Small talk during the course of an office visit sometimes turns to the topic of summer vacation plans. My patients might be seeing me for nausea, but when they tell me about their upcoming trips to distant locales, I’m the one who turns green.
Envy aside, I want them to enjoy their excursions to the fullest, so I give all my globe-trotting patients the same sound piece of medical advice: don’t get sick. There is nothing that will ruin an exotic vacation faster than an exotic illness.
Often, my patients will laugh, thinking this is easier said than done. But travelers actually have quite a bit of control over their health overseas. The key is prevention.
Whether you are headed to Boise or Bangladesh, you need to stay up-to-date on vaccines. Adults are often shocked to learn that some of the immunizations we received as children, such as those that protect against polio, pertussis (whooping cough) and tetanus, may require a booster or two well into middle age. For international travelers, it is also important to educate yourself about health risks that might await you upon arrival.
My more seasoned travelers know to check the Centers for Disease Control (CDC) travel website for health advisories and recommended vaccines. But less-experienced travelers, even those of us who are doctors, don’t always know to check the site. Many years before starting my current medical practice, I traveled the coast of Turkey without giving a single thought to the Hepatitis A and typhoid fever risks that I had not inoculated myself against. Thankfully, I came home healthy, but I would not advise placing your health in the hands of luck.
Over the years, I have inoculated frequent fliers against a host of mosquito-borne illnesses, including Japanese encephalitis and yellow fever, and prescribed medication to help prevent malaria. And because the Zika virus worried my Olympics-bound travelers last summer, I advised many of my patients to slather on the DEET and apply the natural bug-repellent pyrethrum to their clothing.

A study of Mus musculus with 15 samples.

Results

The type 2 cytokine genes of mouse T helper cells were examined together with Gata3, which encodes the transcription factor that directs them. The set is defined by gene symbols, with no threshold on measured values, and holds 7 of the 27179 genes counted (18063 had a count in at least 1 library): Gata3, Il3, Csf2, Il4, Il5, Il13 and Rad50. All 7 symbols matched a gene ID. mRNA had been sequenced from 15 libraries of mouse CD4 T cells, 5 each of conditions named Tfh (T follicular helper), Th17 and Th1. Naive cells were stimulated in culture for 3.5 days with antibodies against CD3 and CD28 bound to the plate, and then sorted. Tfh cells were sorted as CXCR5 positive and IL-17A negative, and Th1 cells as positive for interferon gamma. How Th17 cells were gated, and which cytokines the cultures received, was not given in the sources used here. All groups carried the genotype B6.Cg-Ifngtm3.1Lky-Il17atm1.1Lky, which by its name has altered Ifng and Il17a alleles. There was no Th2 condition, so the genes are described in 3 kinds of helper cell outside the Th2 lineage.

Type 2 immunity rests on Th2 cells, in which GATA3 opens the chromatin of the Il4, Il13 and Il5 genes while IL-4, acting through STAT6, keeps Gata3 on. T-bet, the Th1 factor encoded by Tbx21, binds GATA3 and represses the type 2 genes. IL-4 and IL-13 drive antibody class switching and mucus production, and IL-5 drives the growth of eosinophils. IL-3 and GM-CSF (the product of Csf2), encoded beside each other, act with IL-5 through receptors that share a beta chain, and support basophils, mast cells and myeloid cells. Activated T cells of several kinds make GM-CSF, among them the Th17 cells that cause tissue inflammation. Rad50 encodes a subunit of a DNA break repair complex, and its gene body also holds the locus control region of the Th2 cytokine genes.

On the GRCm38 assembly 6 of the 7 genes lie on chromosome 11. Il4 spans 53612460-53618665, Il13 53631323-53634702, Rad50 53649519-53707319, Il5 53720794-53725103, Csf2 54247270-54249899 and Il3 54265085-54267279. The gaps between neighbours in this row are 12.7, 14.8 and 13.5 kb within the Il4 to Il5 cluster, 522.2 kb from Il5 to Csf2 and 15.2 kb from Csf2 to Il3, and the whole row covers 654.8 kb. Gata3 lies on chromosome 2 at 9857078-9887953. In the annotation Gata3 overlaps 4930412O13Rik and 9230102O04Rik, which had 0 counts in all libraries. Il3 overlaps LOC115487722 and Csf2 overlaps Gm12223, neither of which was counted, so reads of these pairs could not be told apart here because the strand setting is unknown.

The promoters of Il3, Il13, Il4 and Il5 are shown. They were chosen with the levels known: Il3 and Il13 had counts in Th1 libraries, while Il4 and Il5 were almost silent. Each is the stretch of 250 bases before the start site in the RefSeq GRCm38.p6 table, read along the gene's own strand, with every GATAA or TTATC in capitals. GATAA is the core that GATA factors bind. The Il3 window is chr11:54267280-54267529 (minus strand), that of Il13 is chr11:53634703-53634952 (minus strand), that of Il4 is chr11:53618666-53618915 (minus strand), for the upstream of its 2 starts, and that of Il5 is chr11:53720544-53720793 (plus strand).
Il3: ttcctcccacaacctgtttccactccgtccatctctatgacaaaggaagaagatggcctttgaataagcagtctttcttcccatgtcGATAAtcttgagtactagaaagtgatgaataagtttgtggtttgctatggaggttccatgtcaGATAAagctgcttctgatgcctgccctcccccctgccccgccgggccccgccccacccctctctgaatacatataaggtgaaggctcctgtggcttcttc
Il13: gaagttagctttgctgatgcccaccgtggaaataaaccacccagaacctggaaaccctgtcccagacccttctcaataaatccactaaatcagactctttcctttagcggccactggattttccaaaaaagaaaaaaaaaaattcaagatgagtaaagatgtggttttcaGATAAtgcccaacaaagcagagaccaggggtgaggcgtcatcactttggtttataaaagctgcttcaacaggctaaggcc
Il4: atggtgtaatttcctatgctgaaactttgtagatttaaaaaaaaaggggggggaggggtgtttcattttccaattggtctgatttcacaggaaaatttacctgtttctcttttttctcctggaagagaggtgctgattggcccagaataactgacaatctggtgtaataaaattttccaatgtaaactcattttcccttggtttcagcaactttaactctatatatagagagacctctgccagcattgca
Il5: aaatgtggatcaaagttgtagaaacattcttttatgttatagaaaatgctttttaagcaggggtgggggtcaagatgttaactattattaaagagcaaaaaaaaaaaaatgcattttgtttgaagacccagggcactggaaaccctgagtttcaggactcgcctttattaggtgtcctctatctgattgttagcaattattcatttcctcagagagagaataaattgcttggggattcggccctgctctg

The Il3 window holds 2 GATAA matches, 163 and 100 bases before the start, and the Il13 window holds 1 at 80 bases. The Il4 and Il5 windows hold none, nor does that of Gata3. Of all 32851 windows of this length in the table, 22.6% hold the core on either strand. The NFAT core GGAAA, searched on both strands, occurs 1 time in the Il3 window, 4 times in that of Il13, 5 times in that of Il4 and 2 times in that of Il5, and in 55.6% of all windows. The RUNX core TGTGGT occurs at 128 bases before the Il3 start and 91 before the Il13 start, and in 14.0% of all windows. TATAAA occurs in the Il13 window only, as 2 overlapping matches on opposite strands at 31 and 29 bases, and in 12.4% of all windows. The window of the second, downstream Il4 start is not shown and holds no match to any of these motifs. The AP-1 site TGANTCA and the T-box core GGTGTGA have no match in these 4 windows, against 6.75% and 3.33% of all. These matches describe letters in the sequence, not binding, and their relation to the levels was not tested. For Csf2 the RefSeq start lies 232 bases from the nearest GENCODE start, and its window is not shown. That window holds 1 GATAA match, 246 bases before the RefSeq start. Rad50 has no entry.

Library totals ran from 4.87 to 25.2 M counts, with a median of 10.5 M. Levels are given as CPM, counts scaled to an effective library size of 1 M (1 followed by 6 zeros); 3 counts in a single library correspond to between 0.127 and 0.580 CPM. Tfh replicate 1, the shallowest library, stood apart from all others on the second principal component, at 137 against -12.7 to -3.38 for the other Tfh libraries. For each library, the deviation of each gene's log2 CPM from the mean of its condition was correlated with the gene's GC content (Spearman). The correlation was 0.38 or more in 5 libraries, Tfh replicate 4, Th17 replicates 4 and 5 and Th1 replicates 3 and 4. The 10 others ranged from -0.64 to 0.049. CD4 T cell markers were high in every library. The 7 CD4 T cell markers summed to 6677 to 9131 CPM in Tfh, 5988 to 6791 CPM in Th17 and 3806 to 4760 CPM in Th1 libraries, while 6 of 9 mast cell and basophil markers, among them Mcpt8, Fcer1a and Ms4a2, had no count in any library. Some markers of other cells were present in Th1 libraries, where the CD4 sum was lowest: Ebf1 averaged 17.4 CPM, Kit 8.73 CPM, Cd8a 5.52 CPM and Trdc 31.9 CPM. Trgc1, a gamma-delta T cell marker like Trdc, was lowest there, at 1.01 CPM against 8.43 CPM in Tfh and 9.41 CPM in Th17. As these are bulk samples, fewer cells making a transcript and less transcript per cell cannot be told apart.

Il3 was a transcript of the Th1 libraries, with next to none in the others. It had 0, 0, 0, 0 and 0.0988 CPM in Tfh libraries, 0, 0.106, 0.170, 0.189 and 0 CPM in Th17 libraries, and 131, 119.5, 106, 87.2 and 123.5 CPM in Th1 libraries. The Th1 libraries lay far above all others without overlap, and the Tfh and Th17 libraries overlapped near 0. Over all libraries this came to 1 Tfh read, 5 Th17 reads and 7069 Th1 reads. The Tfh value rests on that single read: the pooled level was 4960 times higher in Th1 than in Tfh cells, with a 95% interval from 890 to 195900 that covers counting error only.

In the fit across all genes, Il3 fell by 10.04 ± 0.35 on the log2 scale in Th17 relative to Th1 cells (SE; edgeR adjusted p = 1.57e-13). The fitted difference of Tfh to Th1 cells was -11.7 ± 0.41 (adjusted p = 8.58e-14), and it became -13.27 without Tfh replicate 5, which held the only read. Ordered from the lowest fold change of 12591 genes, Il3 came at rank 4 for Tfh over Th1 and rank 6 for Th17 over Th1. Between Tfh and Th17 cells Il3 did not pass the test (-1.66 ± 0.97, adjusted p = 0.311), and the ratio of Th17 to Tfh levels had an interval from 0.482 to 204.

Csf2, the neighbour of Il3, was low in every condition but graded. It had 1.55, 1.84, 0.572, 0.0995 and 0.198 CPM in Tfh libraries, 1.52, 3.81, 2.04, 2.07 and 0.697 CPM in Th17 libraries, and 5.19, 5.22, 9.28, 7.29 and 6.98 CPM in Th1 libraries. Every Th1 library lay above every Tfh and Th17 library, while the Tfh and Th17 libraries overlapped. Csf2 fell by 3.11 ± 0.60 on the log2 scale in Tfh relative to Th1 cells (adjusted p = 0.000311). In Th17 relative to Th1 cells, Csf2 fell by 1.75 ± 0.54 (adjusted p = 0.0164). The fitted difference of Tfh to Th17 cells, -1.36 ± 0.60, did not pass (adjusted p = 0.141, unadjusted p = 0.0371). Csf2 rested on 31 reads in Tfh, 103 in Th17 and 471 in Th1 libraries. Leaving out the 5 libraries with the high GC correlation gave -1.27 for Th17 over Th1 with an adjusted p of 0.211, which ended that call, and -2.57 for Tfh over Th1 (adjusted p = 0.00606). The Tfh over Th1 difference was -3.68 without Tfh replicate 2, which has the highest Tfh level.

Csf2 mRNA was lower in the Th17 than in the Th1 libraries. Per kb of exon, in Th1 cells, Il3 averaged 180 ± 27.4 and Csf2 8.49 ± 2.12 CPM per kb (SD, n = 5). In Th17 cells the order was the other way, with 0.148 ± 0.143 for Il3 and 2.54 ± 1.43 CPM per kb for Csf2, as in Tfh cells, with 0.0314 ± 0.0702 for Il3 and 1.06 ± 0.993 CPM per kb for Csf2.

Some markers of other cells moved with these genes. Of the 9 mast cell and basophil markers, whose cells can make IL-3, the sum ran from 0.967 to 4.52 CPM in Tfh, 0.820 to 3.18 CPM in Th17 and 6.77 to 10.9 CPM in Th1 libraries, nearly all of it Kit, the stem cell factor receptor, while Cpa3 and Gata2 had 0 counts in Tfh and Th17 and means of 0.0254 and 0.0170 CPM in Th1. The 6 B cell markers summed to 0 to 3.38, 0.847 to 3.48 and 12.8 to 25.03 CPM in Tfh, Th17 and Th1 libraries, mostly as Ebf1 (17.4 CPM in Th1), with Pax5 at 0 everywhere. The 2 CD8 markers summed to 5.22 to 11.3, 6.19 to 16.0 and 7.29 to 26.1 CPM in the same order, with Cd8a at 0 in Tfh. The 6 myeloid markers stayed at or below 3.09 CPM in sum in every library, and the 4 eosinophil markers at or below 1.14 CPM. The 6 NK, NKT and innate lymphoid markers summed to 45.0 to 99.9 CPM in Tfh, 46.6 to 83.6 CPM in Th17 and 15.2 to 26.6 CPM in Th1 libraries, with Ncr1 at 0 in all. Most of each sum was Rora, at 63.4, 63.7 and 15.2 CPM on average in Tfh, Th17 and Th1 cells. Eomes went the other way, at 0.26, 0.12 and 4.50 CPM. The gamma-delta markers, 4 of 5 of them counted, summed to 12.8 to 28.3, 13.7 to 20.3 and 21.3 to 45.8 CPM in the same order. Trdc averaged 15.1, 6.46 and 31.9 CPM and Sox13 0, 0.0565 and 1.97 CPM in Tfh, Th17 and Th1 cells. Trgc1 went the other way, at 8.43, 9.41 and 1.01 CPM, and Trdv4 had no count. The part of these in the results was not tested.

I have also advised patients to protect themselves against infectious diseases that are transmitted through food and water, including Hepatitis A and typhoid fever. Two doses of the Hepatitis A vaccine usually provide lifelong protection and either an oral or injectable vaccine can help to prevent typhoid fever.
Travelers headed to certain countries, most importantly Pakistan, Afghanistan and Nigeria, require a polio booster shot. Again, the CDC website is the best resource for ever-changing recommendations.
If you’ve set your travel goals high – as in above 8,000 feet – I recommend Diamox, a medication that combats altitude illness. It requires a prescription, but there are plenty of over-the-counter medications to consider bringing along with you if you are planning to travel outside your comfort zone. Ask your doctor for recommendations.
Dr. STAN WASBIN, along with his colleagues Drs. WILLIAM ANDERSON and LEWIS MOSS and Nurse Practitioner MARY JEAN O’CONNOR, provide travel medicine services in Laguna Beach as part of Hoag Medical Group.